Want an easy way to make sure you are up to date on all the latest, best music? Dancing Astronaut takes a look at the top 10 tracks officially released in December and ranks them based on a combination of reader feedback, track quality, editorial preference & critical reception.
Dancing Astronaut wraps up December for you with another edition of our top 10 tracks of the month; just after giving you our Biggest 50 of 2013, comes one last crop. December’s list features massive tracks from reader favorites Martin Garrix, Tiesto, Pryda, and more. Not to be missed are also fantastic efforts from Sluggers, Trent Cantrelle, and Oliver Heldens. Click past the break for our top 10 tracks of December!
Boys Noize takes the Chromeo’s electrofunk selection to a different realm with his creative, bass-riddled remix. Flipping the original tune upside down, he gives the song an energetic spin while maintaining a minimal, electro sensuality. December brought 2013 one last stellar outing between the pairing of Chromeo and Boys Noize.
Marcus Schössow, Mike Hawkins and Pablo Oliveros joined forces to officially release their latest teamwork a blend of all things fast and slow, combining piano driven melodies with an energetic drum beat and explosive synths. “Ulysses” grows from its humble beginnings into a huge house landmark, telling a story like a well-crafted dance anthem should.
Acclaimed as hip-hop’s greatest producer of all time by Rolling Stone, and just about everyone else, DJ Premier slows down “Latch” to transform Disclosure’s garage house smash into a smooth, piano-driven R&B rework. This newly revitalized slow jam meshes with the love-struck voice of Sam Smith perfectly.
Afrojack’s take on Miley Cyrus’s “Wrecking Ball” ignores most mainstream expectations set by the namesake. Lead by orchestra-like melody non-representative of the Cyrus smash and followed by a signature bulky bellow of Afrojack music that pays testament to the title only with wrecking ball force, the depth of Afrojack’s latest drops are juxtaposed merely by an intermission from Miley, where the “Wrecking Ball” chorus plays mid-way for relief as the remix’s only trace of original hit.
Between receiving awards and making worldwide headlining appearances, Martin Garrix has returned to the studio with fellow newcomer Jay Hardway to recreate the magic that did them so well in past. The pair’s newest collaboration, “Wizard,” has been the center of attention for big room fans in anticipation of its release. Returning to the “Animals“-inspired style, a minimalist bassline kicks in for best use of the The Finger Piano Player.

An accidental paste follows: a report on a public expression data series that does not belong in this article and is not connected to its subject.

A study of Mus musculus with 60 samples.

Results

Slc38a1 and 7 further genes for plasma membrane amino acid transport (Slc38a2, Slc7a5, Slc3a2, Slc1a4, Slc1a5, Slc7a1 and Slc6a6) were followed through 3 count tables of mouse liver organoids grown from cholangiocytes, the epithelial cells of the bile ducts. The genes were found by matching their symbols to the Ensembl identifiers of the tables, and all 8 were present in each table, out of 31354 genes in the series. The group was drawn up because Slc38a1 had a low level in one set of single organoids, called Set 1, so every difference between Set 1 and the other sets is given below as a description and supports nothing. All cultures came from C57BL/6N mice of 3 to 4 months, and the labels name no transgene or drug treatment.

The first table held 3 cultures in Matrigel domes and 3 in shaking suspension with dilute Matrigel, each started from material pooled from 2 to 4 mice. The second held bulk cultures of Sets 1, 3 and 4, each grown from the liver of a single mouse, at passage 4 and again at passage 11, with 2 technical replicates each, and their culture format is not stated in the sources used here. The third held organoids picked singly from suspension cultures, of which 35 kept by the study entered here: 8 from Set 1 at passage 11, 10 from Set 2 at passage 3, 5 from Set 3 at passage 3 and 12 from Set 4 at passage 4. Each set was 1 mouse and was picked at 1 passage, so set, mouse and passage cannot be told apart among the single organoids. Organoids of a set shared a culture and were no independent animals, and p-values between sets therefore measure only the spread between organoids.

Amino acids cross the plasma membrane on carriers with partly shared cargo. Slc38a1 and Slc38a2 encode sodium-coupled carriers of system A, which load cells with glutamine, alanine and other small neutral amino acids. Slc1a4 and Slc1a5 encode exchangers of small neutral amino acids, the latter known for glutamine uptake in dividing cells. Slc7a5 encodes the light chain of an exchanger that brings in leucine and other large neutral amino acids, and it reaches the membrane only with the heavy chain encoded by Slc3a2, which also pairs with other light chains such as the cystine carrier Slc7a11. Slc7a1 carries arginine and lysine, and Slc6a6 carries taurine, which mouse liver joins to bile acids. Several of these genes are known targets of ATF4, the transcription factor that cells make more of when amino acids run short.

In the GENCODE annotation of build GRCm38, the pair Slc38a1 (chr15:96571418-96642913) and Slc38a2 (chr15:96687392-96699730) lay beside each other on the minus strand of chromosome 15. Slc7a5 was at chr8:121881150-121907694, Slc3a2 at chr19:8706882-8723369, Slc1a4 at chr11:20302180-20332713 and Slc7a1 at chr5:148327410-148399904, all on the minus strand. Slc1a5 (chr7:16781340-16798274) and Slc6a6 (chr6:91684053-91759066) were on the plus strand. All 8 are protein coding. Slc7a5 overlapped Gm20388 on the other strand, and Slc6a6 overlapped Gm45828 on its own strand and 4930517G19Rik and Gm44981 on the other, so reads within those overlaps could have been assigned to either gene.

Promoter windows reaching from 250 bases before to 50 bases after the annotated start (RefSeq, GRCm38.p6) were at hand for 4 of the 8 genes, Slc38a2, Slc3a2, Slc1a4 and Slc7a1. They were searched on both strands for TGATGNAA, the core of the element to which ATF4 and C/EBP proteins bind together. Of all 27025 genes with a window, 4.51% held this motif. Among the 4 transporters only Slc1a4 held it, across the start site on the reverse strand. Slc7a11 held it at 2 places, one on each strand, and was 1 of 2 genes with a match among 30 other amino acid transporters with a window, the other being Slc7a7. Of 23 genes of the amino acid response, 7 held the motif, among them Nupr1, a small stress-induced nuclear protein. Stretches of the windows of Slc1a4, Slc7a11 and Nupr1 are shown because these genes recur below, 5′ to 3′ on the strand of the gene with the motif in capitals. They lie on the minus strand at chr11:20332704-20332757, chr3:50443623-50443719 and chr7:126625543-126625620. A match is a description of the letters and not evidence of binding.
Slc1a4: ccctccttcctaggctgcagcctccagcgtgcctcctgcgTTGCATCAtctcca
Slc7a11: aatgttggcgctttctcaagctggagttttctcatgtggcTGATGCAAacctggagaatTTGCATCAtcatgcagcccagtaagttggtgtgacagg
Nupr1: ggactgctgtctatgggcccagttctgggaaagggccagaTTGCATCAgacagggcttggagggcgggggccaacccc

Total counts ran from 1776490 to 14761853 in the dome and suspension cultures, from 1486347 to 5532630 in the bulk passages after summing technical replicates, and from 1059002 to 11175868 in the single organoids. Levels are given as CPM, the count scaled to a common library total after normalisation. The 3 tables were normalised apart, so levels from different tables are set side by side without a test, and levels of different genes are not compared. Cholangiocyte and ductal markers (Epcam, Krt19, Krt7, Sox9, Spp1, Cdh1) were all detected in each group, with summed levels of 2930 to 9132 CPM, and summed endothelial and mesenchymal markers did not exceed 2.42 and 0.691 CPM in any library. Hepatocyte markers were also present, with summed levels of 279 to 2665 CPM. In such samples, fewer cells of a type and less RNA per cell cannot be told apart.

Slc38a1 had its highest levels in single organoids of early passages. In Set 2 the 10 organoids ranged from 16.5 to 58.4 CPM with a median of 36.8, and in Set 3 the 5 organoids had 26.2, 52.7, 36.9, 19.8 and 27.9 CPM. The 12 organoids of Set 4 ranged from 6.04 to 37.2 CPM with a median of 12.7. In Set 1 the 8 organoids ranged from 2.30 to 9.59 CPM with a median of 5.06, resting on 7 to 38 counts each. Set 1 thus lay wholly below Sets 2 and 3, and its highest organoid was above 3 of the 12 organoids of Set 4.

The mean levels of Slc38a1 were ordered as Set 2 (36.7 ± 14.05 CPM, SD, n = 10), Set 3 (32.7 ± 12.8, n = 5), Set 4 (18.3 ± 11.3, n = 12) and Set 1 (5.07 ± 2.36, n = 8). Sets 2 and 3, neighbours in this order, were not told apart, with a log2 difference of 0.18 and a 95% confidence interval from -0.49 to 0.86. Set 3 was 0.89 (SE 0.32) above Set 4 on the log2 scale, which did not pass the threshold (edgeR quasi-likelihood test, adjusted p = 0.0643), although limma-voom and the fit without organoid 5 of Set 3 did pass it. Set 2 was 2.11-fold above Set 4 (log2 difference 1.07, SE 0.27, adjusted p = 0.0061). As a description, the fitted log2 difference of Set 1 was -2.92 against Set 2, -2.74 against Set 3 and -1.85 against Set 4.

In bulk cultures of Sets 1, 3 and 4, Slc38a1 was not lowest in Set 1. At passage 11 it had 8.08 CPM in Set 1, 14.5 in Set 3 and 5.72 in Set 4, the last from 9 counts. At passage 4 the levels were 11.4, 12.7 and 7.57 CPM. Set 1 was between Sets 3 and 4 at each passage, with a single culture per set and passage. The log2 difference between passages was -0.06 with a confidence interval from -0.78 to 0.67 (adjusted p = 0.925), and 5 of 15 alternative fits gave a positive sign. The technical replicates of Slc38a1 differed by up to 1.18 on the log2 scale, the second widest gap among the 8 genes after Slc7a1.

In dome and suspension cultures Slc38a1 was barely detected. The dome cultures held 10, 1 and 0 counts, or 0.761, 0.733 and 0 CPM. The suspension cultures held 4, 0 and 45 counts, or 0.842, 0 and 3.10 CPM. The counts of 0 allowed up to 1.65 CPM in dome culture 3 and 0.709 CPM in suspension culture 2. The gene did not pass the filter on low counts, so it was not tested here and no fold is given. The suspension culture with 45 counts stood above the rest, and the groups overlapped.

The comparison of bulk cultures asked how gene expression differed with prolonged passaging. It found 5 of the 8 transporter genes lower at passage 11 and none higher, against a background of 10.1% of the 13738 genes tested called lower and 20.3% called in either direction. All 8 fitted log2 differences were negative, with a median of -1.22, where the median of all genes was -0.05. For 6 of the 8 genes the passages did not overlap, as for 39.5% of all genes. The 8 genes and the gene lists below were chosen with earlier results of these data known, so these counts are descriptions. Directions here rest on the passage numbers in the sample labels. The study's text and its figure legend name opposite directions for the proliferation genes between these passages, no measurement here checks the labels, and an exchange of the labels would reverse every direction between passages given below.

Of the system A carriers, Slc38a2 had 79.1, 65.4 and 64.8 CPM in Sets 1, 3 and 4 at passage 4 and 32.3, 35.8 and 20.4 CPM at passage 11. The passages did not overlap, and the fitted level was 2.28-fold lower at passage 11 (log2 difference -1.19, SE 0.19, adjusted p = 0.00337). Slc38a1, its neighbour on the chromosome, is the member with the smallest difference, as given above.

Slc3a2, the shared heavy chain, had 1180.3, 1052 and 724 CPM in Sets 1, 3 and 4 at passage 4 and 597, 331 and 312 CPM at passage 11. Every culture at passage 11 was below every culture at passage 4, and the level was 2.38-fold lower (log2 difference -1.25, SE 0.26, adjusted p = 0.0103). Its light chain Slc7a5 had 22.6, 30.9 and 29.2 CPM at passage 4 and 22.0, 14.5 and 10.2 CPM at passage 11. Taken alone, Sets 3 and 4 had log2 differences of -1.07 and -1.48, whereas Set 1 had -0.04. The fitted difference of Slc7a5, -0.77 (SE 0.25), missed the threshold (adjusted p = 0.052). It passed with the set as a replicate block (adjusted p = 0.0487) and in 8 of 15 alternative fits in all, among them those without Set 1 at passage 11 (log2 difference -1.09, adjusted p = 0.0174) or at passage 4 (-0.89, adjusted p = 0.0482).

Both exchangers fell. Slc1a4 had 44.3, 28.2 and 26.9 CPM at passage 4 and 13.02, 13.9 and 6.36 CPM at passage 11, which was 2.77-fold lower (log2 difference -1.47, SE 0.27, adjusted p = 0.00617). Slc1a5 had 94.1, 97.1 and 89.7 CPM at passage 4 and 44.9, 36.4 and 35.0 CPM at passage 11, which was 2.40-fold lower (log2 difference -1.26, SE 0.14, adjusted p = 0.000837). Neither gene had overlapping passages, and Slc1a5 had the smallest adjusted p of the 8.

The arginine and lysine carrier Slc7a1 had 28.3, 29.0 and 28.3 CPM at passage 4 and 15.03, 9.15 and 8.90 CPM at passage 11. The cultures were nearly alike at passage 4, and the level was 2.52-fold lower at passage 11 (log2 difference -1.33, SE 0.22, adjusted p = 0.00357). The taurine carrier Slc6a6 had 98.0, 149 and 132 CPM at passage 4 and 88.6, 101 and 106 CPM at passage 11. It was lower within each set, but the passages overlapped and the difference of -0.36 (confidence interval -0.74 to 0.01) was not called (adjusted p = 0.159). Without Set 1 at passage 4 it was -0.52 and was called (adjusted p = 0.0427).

After weeks of speculation surrounding Musical Freedom’s anonymously tailored big room departure, Dutch newcomer Oliver Heldens emerges as the man behind impending offering “Gecko.” With a sparing run of releases behind him, “Gecko” sees the young Dutch producer lead a house-orientated side step for the label – a move well-aligned with Tiësto’s more recent outreach to the deep house community will be released on December 30th.
With his first Pryda record since this summer’s two-track feature of “Layers” and“Rotonda,” Eric Prydz flaunted his famed progressive house alter ego for a marvelous new production by the name of “Lycka.” The new track, which is Swedish for ‘happiness,’ contains the irresistible bliss for which Eric is known. Appropriately dubbed Zane Lowe’s ‘Hottest Record of the Week,’ “Lycka” is a return to the classic progressive house vibes paired with its “F.A.T” b-side.
Sluggers, the next big project from OWSLA records, has been shrouded in mystery for some time. Information about them is sparse, despite their active SoundCloud and support from major artists from Skrillex to Brodinski. They released the Phantom Fade EP just in time for the new year, a collection of deep pounding bass with minimalist but strategically placed vocal splices and hi-hats. Spanning four tracks in total, the standout track is ‘Broke,’ a grungy synthesis of wonky accents with techno beats and a driving bass line that even the best of OWSLA can be proud of.
She’s on a different frequency… Trent Cantrelle’s December “What I Need” quickly established a sex-fueled presence from the moment its opening exasperated sample kicks in. A stuttering array of dripping synths, sensual breathes and a deep house vignette, Cantrelle eases listeners into the mix like any attentive lover would. Slow at first, he leaves much to the imagination but by the time the claves and kicks take center stage “What I Need” goes full bore on your senses, driving the energy past the point of no return. In two words? Aural sex.